But it’s probably been the dearth of cranes littering the skyline, and kango hammers belting out what became a familiar and almost constantly present staccato rhythm in Irish cities and towns in the last few years, that belies how much architectural activity is actually going on in Cork and the extent of its reach locally, nationally, and internationally.
Addressing this is the recently formed Cork Architectural Association (CAA) which is looking to enlighten the general public on the subject, and impress on us the value of architecture in our environment, an endeavour which has won the support of Cork City Council, CIT, Cork County Council, and developers.
As a springboard to achieving its aims, CAA has now organised an exhibition entitled ‘Architecture and Place’ which was officially opened last night by Simon Coveney TD in the atrium of Cork City Council’s Civic Offices on Anglesea Street.
It’s the first event in CAA’s outreach to the public in what they hope will be a series of two or three exhibitions a year designed to raise awareness of the value of architecture and the contribution being made to its development by Cork-based architectural practices in particular.
“We truly believe that architecture transforms lives,” says architect and co-founder of CAA, Dermot Harrington. “It influences our everyday experience, from the interiors of our houses to our landscape, our cities and our towns.”
Together with CAA’s committee, led by president Seán Antóin Ó Muirí, Dermot invited local architects to submit entries for the exhibition based on the criteria that the architectural practice had to be based in Cork city or county, but the projects could have been implemented anywhere.
Out of a total of 30 submissions which were considered by an independent adjudication panel, 12 were chosen, representing a engaging mix of buildings and places, including civic spaces, libraries, shop spaces, utility buildings, schools, and private dwellings, some as close to home as Cork city and one as far away as Australia.
Each project is now detailed in the exhibition through a mixed media presentation which includes text-based panels, plans, and 3-D models of two award winning projects — St Angela’s College, Cork, designed by O’Donnell Tuomey Architects, and the DLR Lexicon library facility in Dun Laoghaire, designed by Carr Cotter Naessens.
But not all the projects are on the scale of these two.
“We particularly want to show what the small, quality practices in Cork are doing and to give them a voice,” says Dermot.
At the same time, they’ve achieved distinct variety in the size, type, and location of each project, showcasing not only the extent of what is being achieved by private practices, but also by Cork City Council’s architects.
In fact, one of the most arresting of the projects was implemented by the City Architect’s Department at The Glen, on the northside of Cork city.
It’s the second phase in the regeneration of an area where poorly-maintained blocks of flats built in the 1970s, which were subjected to vandalism and anti-social behaviour, have now made way for more than 50 new dwellings offering quality homes, with community facilities and open spaces. The result just might challenge the viewpoint of anyone who has ever accused social housing of lacking in design imagination.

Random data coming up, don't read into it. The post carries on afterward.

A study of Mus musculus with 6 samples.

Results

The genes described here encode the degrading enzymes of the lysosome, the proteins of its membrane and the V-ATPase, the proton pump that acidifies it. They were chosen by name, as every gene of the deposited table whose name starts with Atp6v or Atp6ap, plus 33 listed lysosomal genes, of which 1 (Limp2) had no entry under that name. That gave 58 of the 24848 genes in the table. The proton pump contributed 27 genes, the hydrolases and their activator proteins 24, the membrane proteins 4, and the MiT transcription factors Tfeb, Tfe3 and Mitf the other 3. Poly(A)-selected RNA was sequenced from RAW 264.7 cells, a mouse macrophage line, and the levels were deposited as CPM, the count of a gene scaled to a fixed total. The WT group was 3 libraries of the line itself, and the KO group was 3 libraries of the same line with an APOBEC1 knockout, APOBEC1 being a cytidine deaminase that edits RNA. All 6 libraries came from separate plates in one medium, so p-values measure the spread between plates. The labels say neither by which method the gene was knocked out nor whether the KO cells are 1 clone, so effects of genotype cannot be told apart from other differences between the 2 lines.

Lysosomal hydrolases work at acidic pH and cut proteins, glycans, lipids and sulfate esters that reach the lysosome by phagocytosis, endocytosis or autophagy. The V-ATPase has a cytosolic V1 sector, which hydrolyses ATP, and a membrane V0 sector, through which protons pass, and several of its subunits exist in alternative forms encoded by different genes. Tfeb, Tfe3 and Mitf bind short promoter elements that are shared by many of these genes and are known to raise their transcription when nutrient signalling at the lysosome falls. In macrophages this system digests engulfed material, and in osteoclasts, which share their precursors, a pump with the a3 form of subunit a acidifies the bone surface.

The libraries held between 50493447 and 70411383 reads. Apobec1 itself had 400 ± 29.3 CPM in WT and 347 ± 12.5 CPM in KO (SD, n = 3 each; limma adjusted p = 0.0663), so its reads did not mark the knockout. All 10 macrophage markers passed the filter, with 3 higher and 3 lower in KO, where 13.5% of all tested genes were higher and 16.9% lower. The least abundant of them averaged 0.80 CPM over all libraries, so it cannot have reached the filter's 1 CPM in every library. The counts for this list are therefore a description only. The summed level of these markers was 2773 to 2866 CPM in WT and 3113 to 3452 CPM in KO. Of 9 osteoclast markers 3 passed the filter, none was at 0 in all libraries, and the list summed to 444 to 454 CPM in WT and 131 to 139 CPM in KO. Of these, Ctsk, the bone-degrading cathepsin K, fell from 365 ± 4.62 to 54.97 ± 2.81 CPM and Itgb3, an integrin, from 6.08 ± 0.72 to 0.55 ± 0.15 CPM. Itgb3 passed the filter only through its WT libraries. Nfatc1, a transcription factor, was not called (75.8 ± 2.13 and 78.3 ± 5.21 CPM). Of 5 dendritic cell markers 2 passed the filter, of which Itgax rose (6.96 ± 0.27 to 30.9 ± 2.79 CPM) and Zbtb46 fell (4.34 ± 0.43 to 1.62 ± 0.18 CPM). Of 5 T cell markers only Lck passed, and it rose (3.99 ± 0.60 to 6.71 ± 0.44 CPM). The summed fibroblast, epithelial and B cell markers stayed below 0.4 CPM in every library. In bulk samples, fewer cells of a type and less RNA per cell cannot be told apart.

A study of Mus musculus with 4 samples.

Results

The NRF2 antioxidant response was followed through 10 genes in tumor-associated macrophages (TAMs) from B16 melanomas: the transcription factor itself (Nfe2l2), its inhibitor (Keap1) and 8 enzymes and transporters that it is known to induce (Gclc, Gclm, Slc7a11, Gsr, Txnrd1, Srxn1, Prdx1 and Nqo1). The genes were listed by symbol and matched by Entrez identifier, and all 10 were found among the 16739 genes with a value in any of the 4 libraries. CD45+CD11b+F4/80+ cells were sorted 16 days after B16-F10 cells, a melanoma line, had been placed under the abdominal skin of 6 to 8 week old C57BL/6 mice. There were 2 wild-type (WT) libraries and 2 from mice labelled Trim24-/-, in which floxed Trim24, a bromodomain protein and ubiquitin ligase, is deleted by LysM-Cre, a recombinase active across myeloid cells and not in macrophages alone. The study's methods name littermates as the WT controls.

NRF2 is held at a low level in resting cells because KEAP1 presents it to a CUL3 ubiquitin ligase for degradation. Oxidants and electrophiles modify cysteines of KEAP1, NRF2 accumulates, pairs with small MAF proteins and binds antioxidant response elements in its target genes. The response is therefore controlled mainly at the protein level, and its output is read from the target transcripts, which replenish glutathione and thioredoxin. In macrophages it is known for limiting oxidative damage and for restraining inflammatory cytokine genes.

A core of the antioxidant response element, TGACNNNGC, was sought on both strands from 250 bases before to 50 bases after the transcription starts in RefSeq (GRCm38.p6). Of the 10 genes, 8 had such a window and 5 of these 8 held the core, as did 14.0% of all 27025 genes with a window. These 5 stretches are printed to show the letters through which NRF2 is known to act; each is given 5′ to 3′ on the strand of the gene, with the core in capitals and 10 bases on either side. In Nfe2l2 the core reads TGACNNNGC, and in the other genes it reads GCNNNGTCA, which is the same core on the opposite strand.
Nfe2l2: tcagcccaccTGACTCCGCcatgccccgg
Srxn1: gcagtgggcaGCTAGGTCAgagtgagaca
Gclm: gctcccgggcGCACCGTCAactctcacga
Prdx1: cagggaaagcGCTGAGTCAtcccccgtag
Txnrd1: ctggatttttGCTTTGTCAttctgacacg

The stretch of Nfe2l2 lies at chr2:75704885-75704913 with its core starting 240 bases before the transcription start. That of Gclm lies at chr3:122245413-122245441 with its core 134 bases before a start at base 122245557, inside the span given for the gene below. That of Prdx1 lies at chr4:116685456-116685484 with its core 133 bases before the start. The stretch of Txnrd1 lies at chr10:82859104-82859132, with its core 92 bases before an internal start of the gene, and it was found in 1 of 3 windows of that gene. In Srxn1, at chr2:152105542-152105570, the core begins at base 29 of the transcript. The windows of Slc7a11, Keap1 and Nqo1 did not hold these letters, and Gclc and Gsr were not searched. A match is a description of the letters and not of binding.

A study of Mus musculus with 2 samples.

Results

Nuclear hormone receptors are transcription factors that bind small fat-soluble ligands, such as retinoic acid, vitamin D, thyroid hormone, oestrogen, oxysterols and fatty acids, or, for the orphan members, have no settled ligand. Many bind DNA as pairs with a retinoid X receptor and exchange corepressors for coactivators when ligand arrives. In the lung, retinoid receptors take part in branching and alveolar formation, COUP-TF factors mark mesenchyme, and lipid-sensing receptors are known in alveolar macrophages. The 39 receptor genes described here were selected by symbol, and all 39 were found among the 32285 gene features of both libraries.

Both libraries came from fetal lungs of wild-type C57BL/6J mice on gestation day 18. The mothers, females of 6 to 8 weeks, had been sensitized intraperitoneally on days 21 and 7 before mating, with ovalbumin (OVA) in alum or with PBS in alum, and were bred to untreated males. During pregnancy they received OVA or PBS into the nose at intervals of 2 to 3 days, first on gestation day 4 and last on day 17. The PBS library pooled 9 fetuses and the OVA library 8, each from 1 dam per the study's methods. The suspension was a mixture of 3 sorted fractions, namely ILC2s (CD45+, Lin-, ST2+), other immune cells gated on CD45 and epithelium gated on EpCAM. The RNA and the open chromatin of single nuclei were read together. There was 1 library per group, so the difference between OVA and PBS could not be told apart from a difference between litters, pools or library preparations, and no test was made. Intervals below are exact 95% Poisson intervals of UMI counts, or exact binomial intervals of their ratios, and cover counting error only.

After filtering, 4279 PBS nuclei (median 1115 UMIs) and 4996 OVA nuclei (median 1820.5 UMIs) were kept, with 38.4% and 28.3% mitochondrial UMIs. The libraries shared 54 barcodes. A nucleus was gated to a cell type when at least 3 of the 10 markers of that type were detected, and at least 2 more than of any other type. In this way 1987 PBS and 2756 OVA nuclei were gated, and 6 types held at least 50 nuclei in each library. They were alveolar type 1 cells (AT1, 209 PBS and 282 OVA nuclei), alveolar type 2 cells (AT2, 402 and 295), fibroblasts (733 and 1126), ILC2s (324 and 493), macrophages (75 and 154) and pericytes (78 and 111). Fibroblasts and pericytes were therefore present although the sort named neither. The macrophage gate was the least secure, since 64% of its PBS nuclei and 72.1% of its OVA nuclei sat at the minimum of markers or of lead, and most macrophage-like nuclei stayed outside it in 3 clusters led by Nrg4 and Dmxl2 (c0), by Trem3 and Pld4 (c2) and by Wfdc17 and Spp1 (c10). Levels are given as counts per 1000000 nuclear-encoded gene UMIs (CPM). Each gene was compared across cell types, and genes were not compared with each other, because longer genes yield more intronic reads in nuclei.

But there are also buildings worth saving with the light touch of conservation by specialists Jack Coughlan & Associates, showing what can be done to repurpose a Georgian town house.
Once a private residence, it is now the Michael Collins’ House Museum in the country town of Clonakilty where, in the early 1900s, Michael Collins lived with his older sister while attending school in the town. Now incorporating original outbuildings which have been adapted to form the new museum entrance, the historic integrity of the building has been retained and the interior preserved as it was more than one hundred years ago.
Bringing both old and new together has been achieved by The PassivHaus Architecture Company when it undertook an extension to a house in Clonmel. Located on the charming Anne Street with its finely preserved late Georgian housing stock, it’s an example of how these old buildings can adapt for modern living in the hands of a sensitive architect.
But what is probably one of the most surprising exhibits is a house built in Margaret River, Western Australia, the design for which came out of a small Cork practice, Fuinneamh Workshop Architects, in response to a brief that emphasised a multi-functional outdoor space for living, with courtyards maximising local forest views, a vegetable patch, play space for children and a deck area for eating outdoors, as much as it did indoor living.
Equally, there are international design influences evident. Subtle and with practical purpose, Japanese tsuboniwa, or courtyards, have inspired a house designed by Cook Architects, where a courtyard forms part of a strategy to create a peaceful and private domestic haven in the town centre of Macroom.
But more than simply showing building designs, the exhibition organisers have taken pains to highlight how architecture goes beyond the design of a structure, illustrating how it respects the place in which it’s planted, to blend into the environment and work with it rather than disrupting it; where the courage to remove what didn’t work and replacing it with something new, creates a better place, or by taking what is already in place with its own intrinsic value and repurposing it. Judge for yourself.